Catch 22-...how do you cope with the guilt?

Discussion in 'I care for a person with dementia' started by Rugbymum, Oct 24, 2019.

  1. Rugbymum

    Rugbymum New member

    Oct 24, 2019
    1
    I provide support for a lady who is 'adopted' family and have done since a relative of mine, who she lived with for 50+ years, passed away some 6 years ago. Up until the last 2 years she coped well, we would see her most weeks and she would come to stay for respite, company and Christmas, we supported her with care plans as her needs have changed and ensured her wishes have been followed. Sadly she has been declining significantly over the past 12 months and we have finally had a diagnosis of dementia, although it is fair to say it is now fairly advanced. We moved her into some sheltered accommodation some months ago as she was struggling at home (but she is strong willed and not wanting to admit defeat so it took a while)


    .. I probably should add here that I live over 100 miles away...

    Anyway, despite care packages and visiting at least a couple of times a week (often before work- a good 5 hour round trip) her general health, and safety, is deteriorating and with multiple bounces in and out of hospital (yesterday being the latest admission) it is clear that she needs 24 hour care- something that she has absolutely refused.

    The guilt is all consuming and this is what I am struggling with- so I saw her on Saturday and then yesterday had to bounce her into A&E with suspected sepsis (it wasn't)- after spending hours waiting for her admission I am left with a two hour drive home and a feeling that I cannot do right for doing wrong. Guilt for not sorting 24 hour care for her, guilt for not following her wishes, guilt I live 2 hours away, guilt for missing the kids school meeting, guilt for having to leave work early, guilt for not having sorted this all before, guilt for feeling frustrated with her for spending 4 hours asking me why don't i hurry the consultant up, ......I know it is illogical but it is all consuming.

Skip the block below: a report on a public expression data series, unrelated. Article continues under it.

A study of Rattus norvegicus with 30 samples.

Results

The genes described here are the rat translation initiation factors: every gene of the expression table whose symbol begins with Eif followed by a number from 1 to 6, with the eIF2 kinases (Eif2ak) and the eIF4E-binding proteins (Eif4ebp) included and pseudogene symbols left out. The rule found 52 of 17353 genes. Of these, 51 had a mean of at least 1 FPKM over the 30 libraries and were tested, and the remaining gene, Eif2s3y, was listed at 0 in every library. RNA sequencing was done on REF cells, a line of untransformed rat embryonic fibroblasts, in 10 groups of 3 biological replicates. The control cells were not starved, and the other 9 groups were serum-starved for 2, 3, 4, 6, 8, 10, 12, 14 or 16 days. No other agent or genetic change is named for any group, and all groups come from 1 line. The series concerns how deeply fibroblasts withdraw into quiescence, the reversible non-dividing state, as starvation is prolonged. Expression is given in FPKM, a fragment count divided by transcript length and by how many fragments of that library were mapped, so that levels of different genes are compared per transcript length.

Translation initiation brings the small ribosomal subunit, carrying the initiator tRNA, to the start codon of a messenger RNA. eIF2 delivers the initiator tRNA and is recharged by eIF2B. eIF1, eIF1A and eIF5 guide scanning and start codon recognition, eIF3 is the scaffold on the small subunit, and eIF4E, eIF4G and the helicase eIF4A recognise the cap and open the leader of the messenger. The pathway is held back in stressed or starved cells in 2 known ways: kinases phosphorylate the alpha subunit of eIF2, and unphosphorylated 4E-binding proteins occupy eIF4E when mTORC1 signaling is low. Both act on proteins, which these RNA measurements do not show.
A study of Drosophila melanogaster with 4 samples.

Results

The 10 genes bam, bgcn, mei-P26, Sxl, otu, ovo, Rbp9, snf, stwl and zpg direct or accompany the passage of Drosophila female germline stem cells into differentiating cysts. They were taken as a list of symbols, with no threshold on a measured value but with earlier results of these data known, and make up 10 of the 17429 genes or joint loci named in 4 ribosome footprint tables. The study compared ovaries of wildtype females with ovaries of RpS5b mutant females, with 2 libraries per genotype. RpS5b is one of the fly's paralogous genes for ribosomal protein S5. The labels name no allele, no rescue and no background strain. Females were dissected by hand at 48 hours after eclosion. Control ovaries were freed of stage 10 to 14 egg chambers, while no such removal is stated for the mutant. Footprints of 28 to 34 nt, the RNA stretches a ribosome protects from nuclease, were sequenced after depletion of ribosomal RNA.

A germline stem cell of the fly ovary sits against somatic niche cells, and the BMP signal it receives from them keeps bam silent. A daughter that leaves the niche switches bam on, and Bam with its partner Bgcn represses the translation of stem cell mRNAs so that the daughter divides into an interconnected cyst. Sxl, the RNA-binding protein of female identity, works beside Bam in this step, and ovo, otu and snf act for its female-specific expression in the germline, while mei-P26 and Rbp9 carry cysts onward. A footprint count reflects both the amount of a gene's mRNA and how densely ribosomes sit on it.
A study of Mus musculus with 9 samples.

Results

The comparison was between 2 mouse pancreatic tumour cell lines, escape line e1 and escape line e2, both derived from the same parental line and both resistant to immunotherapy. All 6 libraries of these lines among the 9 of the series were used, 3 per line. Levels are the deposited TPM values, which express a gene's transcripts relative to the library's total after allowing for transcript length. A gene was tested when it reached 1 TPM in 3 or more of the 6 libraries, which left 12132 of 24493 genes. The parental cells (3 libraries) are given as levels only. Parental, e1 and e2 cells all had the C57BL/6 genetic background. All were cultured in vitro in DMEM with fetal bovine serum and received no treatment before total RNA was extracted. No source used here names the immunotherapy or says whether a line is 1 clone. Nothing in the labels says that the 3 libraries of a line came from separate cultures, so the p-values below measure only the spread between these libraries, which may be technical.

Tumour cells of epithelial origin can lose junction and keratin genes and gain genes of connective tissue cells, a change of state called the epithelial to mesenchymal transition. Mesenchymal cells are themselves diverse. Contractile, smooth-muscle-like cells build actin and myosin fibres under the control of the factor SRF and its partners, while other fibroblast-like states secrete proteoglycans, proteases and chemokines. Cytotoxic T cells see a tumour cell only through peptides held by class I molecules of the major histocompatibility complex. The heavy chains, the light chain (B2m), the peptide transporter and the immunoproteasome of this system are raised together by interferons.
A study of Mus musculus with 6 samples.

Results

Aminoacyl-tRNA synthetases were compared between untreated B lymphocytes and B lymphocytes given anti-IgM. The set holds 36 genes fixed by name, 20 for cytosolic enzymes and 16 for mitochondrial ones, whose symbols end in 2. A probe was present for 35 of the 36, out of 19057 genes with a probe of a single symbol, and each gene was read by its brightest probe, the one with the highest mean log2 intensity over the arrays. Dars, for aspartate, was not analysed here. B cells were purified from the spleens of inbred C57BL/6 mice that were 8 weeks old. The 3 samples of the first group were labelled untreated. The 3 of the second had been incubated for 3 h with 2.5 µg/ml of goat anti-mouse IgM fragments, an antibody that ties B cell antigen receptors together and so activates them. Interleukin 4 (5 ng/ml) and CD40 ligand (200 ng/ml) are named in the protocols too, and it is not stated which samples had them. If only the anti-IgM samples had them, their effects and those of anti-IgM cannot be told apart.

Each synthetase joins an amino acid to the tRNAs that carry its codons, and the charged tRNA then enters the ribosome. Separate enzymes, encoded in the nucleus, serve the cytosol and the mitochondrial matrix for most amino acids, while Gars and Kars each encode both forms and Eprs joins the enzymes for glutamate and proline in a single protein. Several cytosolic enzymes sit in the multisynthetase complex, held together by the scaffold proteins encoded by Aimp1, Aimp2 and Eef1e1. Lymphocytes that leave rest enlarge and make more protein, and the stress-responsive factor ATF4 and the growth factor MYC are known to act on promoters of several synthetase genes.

2. karaokePete

    karaokePete Registered User

    Jul 23, 2017
    5,022
    N Ireland
    Hello @PharmacistJane you are welcome here and I hope you find the forum to be a friendly and supportive place.

    What you describe is, unfortunately, all too common so I'm sure others will be along with helpful comments

    Apart from that, do take a good look around the site as it is a goldmine for information. When I first joined I read old threads for information but then found the AS Publications list. If you are interested in this, clicking the following link will take you there.

    https://www.alzheimers.org.uk/get-support/publications-factsheets-full-list

    You will see that there are Fact sheets that will help withal aspects of dementia.

    Now that you have found us I hope you will keep posting as the membership has vast collective knowledge and experience.
     
  3. Rosalind297

    Rosalind297 Registered User

    Oct 14, 2017
    95
    It may be little consolation but the guilt comes with being a caring and compassionate person, one with a sense of responsibility for the welfare of someone who has been a part of your family for many years. You must be congratulated for all that you have done and will do.

    We are told to get the guilt monster off of our shoulders but it isn’t easy. All I can say is that if this lady is in moderate to late stages of dementia as you suggest, she will have no conception of a) what her needs, as opposed to her wants, truly are or b) the effort that you go to to meet those needs. If she did not have this disease I’m sure she would be grateful for all you do but dementia steals away the ability to see things from any perspective but their own. My mother has moderate dementia (stage5) and lives in the moment - so would equally not be able to understand why the consultant hadn’t been nor why you can’t fix it in the way mayor fix everything else. I’m afraid the carer just has to learn to live with it. I can tell you from personal experience that guilt isn’t the only emotion you have to battle, frustration, resentment and anger seep in to it from time to time. Saying try not to take it personally sounds glib and trite but it’s another skill one has to learn.

    There will be others along shortly to give you much better practical advice but I just wanted to say I empathise.
     
  4. Champers

    Champers Registered User

    Jan 3, 2019
    189
    Someone sent me this article, which I found sums up the guilt emotion conflict all carers experience. I know it talks about parents but applies just as equally across the board. The points the writer makes are very valid and true and does help putting things into perspective.

    https://www.psychologytoday.com/gb/blog/life-after-50/201608/taking-care-

    This excerpt definitely struck a chord with me:

    “Feeling less guilty involves the realisation that you are not the only person who can provide some comfort for your mother, allowing you to mobilise other people”
     
  5. CardiffGirlInEssex

    CardiffGirlInEssex Registered User

    Oct 6, 2018
    65
    Wow. That is such an interesting and thought provoking article. And helpful, because like everyone else here I feel guilty that I cannot fix the problems my parents are having. But the truth is, they aren’t fixable, I just have to help them find ways to work round them and encourage them to do what is right for them.